Call of the Woods: The Signature
As I worked on restoring the mahogany coffee table, I spoke almost daily with my brother. He was giving a dining table that had sat under a covered patio since moving to their current home a few years ago new life. We encountered many of the same issues and having an experienced craftsman as near as my phone made my job easier. We talked about almost everything, from tools to final finishes.
As I approached the end of my work on the coffee table, Bill suggested that I include the builder’s name since I definitively knew it to be my wife, Sandy’s father—Hiliary E. Mills. But where does one find the signature of someone who passed away more than four decades ago? I began with the obvious place—Sandy. No luck. She did not recall any document that we had where his signature appeared.
Having become a passable internet researcher in the writing of my Civil War novel, Angry Heavens, I decided to do some cyber detective work. The first place I looked was my Ancestry account and on Sandy’s family tree. As soon as I started, I found a document—her father’s Selective Service registration card. Right there on my screen was his signature; however, I wondered, “How do I get it from screen to the underside of his coffee table?”
I did a quick screenshot, and then I enlarged it until I thought it would be readable on the coffee table. After a little manipulating in Photoshop Elements, I had it as clear and legible as I was going to get it. “OK, genius,” I thought. “What do I do next?”
It was then that I remembered back to a time 47 years earlier when mother-to-be and father-to-be were decorating son-to-be, Christian’s, bedroom. Of course, we didn’t know until the baby came what the sex was going to be other than a few old wives’ tales about predicting the sex of an unborn. I think times were better back then. So, as we went about decorating the baby’s room, we had to choose a neutral color and a neutral decorating scheme. We chose yellow and Winne the Pooh. Somehow in the process, we stumbled across a method for transferring outlined images to walls and even pulldown shades that we could then paint. That was the method I remembered and applied to Hiliary E. Mills’ signature.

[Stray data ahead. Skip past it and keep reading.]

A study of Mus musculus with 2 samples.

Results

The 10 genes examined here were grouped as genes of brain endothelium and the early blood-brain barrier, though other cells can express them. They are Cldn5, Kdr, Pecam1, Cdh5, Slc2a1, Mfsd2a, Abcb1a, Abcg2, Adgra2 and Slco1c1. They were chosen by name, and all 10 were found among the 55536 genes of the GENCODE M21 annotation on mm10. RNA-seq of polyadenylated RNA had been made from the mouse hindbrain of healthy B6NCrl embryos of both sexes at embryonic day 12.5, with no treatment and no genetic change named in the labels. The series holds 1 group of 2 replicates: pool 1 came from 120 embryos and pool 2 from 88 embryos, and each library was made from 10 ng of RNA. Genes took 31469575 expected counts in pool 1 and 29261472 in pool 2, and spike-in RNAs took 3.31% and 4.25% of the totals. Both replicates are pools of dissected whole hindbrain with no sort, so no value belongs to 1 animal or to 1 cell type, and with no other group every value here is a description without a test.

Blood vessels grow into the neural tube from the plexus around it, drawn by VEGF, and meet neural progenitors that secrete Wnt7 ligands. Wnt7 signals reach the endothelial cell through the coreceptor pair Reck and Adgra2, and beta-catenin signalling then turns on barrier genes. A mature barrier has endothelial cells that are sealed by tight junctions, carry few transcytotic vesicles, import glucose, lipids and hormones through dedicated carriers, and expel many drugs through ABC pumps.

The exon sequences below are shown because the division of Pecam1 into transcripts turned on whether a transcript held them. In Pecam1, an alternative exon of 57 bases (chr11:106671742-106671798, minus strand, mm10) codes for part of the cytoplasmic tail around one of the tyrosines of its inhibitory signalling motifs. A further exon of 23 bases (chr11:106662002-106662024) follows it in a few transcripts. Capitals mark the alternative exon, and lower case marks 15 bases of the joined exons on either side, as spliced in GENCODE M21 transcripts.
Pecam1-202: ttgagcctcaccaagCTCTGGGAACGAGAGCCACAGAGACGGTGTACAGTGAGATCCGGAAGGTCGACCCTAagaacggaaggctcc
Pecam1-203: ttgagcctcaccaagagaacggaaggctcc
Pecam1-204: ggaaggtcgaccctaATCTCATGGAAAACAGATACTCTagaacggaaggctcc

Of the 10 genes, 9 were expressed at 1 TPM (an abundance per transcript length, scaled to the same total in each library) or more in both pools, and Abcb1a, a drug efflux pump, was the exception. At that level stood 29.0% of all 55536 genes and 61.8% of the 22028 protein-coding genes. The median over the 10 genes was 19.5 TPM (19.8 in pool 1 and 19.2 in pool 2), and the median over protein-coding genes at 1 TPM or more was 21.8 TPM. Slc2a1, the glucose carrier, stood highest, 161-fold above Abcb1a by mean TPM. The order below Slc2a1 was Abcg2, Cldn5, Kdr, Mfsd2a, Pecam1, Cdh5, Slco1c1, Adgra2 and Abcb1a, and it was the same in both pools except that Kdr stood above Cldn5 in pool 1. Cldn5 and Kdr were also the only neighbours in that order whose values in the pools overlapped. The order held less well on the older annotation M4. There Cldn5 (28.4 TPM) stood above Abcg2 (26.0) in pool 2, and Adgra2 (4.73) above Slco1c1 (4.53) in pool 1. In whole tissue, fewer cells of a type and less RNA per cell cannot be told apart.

I took the copy from my printer, turned it over, and traced the signature’s reverse image over and over in the #2 pencil. With part one finished, I lightly sanded the signature’s location to create a cloud of lightened mahogany that you can see in on the attached photos. I then took the pencil-image on the paper and taped the paper—copier side up with painters’ tape—to the table’s underside. Next, I took my pencil, shaved it off until an eighth of an inch of lead was showing, and turning the lead point sideways, I went over the signature until the reverse side gave up its pencil-image to the mahogany. Just like 47 years before!
Now making sure that we could see it, and whoever inherited it years hence, could see it, too, I went over that Selective Service signature with a gold pen.
A unique and special table needed the builder’s signature. Oh, and I added my own initials and the restoration date in the left corner of the underside. I thought the restorer needed a little credit!